Fascinated by Gold? Fun Facts about Alchemy
The Lafayette Sword by Eric Giacometti and Jacques Ravenne plot has gold fever, Freemasonry, murders, the quest for a stolen priceless sword, and alchemy. Here are some interesting tidbits Anne Trager, founder of Le French Book, learned along the way. If you’re a Harry Potter fan, you’ll likely recognize the name Nicolas Flamel, who happens to be a real life famed alchemist.
I recently translated an entertaining action thriller by Eric Giacometti and Jacques Ravenne called The Lafayette Sword. The plot has gold fever, Freemasonry, murders, and the quest for a stolen priceless sword. It also has alchemy. I learned a lot about that precious metal and about alchemy in the process. Here are some fun facts I picked up. Impress your friends.
- Ancient Persia—modern-day Iran—is the cradle of alchemy.
- Alchemy has been around for at least 2500 years, and some sources say much longer.
- It was practiced in Mesopotamia, Egypt, Persia, India, China, Japan, Korea, Classical Greece and Rome, in the Muslim civilizations, and in Europe.
- Chrysopoeia is the transmutation of common metals into gold or silver, and was one of the goals of traditional alchemy. Alchemists were also seeking a panacea to heal diseases, an elixir of life to prolong life, and a universal solvent.
- What alchemists did find were new experimental techniques, medicines, and pigments.
- Three essential substances are needed for transmutation: salt, mercury and sulfur.
- The alchemical Great Work, or Magnum Opus, was the process of working with the prima materia to create the philosopher’s stone, which was needed for transmutation.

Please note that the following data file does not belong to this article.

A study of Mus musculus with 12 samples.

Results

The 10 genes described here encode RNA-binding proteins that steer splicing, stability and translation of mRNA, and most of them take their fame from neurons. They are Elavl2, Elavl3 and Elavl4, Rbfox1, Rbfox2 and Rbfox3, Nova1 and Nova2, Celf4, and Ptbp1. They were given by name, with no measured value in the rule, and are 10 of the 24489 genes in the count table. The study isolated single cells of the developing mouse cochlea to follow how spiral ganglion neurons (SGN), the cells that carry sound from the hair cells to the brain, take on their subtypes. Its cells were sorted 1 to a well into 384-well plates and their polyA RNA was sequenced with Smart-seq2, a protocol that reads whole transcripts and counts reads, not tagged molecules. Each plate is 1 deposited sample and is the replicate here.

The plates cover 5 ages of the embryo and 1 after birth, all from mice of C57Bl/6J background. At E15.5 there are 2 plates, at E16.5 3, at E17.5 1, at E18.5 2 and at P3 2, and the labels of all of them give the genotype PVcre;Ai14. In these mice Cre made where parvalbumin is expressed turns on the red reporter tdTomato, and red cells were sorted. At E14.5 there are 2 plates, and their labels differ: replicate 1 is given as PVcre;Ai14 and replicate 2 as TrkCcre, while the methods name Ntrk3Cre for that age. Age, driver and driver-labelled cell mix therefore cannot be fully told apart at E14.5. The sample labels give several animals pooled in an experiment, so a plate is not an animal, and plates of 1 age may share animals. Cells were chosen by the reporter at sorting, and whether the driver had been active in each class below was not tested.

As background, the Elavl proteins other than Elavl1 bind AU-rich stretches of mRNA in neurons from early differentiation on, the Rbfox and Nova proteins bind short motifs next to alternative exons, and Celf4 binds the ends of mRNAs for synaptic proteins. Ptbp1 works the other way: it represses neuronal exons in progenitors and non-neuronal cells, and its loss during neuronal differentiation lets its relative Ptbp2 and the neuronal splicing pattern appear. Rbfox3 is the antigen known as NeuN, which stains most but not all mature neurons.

- The philosopher’s stone was not a stone, but similar to wax in consistency.
- The Magnum Opus originally had four stages: nigredo, a blackening or melanosis; albedo, a whitening or leucosis; citrinitas, a yellowing or xanthosis; rubedo, a reddening, purpling.
- Famous alchemists include Isaac Newton, who practiced the art his entire life, was fascinated by gold, and introduced the gold standard when he worked for the Royal Mint.
- Another famed alchemist is a medieval scribe shrouded in legend: Nicolas Flamel. He was quoted in Victor Hugo’s Hunchback of Notre Dame, figures in Harry Potter and the Philosopher’s Stone, and is mentioned in The Da Vinci Code. (Now, that’s an odd combination of titles to have in one sentence.)
- Nobel laureate Glenn Seaborg transmuted tiny quantities of bismuth into gold in 1980.
- It would cost a quadrillion dollars to produce an ounce of gold using particle accelerators.
Anne Trager is the founder of Le French Book, a publisher dedicated to hand-picking, translating and publishing top crime fiction from Europe. Their recent release The Lafayette Sword is by Eric Giacometti and Jacques Ravenne, who rank at the top of France’s best-selling thriller writers list. They owe their international renown (over 2 million copies sold) to their series about the Freemason Inspector Antoine Marcas, which made its U.S. debut last year with Shadow Ritual. Now, The Lafayette Sword is available in English. Following the murder of a Freemason brother, Antoine Marcas uncovers unsettling truths about gold and its power to fascinate and corrupt in a captivating plot that weaves alchemy and the Middle Ages into a modern-day thriller. Find out more here. Or read an extended sneak preview here.